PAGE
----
At 08:38 PM 1/13/2007 +0100, Virginia wrote:
>Hi Rafael, Maarten, all,
>I agree with all you say. The point is to use cognitive agents in
>simulations. As there are several theories of human cognition,
snip (interesting discussion)
I have never worked in social simulation, but was familiar with system
dynamics from the early 1970s and with agents since the first Artificial
Life conference in 1986. I don't have a bias toward one or the other; both
are attempting to model reality and to the extent they succeed, the results
of each approach should be similar within error bounds.
Something you might consider is modeling agents as the result of a deeper
layer of agents, namely genes. This is the evolutionary psychology
approach which states that all human psychological traits are either the
direct result of selection or a side effect of some trait that was directly
selected. (Keeping inclusive fitness in mind.)
My experiences with a cult ( http://en.wikipedia.org/wiki/Keith_Henson )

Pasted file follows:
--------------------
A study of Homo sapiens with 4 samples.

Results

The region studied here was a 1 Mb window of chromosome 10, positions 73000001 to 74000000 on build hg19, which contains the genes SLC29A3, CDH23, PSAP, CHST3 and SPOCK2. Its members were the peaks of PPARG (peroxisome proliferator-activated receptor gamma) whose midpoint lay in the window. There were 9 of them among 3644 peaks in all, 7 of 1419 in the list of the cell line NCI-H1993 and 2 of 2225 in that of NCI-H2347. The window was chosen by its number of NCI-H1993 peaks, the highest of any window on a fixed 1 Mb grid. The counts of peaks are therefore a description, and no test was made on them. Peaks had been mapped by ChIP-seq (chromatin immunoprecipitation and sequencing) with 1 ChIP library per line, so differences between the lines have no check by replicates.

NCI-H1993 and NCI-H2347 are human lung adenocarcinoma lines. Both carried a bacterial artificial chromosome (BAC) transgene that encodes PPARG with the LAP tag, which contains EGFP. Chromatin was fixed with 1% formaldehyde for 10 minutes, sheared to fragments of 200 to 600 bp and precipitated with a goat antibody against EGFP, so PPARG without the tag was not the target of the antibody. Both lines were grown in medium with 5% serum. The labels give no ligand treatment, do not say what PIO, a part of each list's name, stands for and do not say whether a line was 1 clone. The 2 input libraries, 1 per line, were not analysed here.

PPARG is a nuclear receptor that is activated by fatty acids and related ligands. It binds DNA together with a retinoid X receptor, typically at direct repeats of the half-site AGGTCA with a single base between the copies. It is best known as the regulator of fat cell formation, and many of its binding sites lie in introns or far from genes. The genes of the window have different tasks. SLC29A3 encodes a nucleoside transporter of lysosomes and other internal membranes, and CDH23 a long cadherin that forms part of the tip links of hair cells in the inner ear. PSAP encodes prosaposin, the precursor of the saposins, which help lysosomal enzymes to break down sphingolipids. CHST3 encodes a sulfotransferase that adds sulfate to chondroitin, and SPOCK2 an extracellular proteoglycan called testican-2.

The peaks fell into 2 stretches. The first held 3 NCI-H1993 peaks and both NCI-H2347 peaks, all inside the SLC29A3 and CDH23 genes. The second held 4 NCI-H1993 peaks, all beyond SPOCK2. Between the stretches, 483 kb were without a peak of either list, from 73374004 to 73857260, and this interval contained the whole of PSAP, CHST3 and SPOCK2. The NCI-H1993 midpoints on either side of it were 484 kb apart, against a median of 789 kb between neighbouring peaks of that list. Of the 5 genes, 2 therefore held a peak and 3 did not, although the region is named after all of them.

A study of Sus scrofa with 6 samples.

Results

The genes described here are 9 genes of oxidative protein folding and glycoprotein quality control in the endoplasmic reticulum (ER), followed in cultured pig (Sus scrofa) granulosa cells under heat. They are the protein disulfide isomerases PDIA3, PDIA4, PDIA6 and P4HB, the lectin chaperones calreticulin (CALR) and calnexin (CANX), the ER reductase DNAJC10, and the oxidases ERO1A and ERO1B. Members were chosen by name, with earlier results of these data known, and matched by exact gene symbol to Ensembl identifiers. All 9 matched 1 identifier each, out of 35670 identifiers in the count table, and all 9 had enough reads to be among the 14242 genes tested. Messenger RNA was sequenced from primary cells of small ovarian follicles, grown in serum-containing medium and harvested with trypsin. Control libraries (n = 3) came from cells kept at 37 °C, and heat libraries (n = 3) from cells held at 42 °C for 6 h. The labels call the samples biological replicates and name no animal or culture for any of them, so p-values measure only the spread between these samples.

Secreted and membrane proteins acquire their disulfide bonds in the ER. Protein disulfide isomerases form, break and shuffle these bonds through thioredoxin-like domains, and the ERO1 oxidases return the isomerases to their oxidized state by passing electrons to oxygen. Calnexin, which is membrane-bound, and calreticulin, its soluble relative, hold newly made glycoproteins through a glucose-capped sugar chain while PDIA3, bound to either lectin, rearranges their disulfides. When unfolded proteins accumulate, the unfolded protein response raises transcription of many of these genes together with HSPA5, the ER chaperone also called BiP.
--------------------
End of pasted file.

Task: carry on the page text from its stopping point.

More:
eventually led me to writing a paper on how wars happen through the
intermediary step of xenophobic meme amplification.
Not considering perturbations, rising population in hunter gather bands
eventually made the future game and berry prospects look grim. That
activated evolved brain mechanisms to turn up the gain on circulating
xenophobic memes. Those xenophobic memes eventually synched up the
warriors for a do or die attack on neighbors.
Win or lose, there were fewer mouths to feed. In the worse case, all the
males of one band were killed and the band's young women became booty. So
the genes for these traits went on even when the band was wiped out.
Anyway, I think simulations based on humans viewed as having a long stone
age evolution would be a really interesting approach.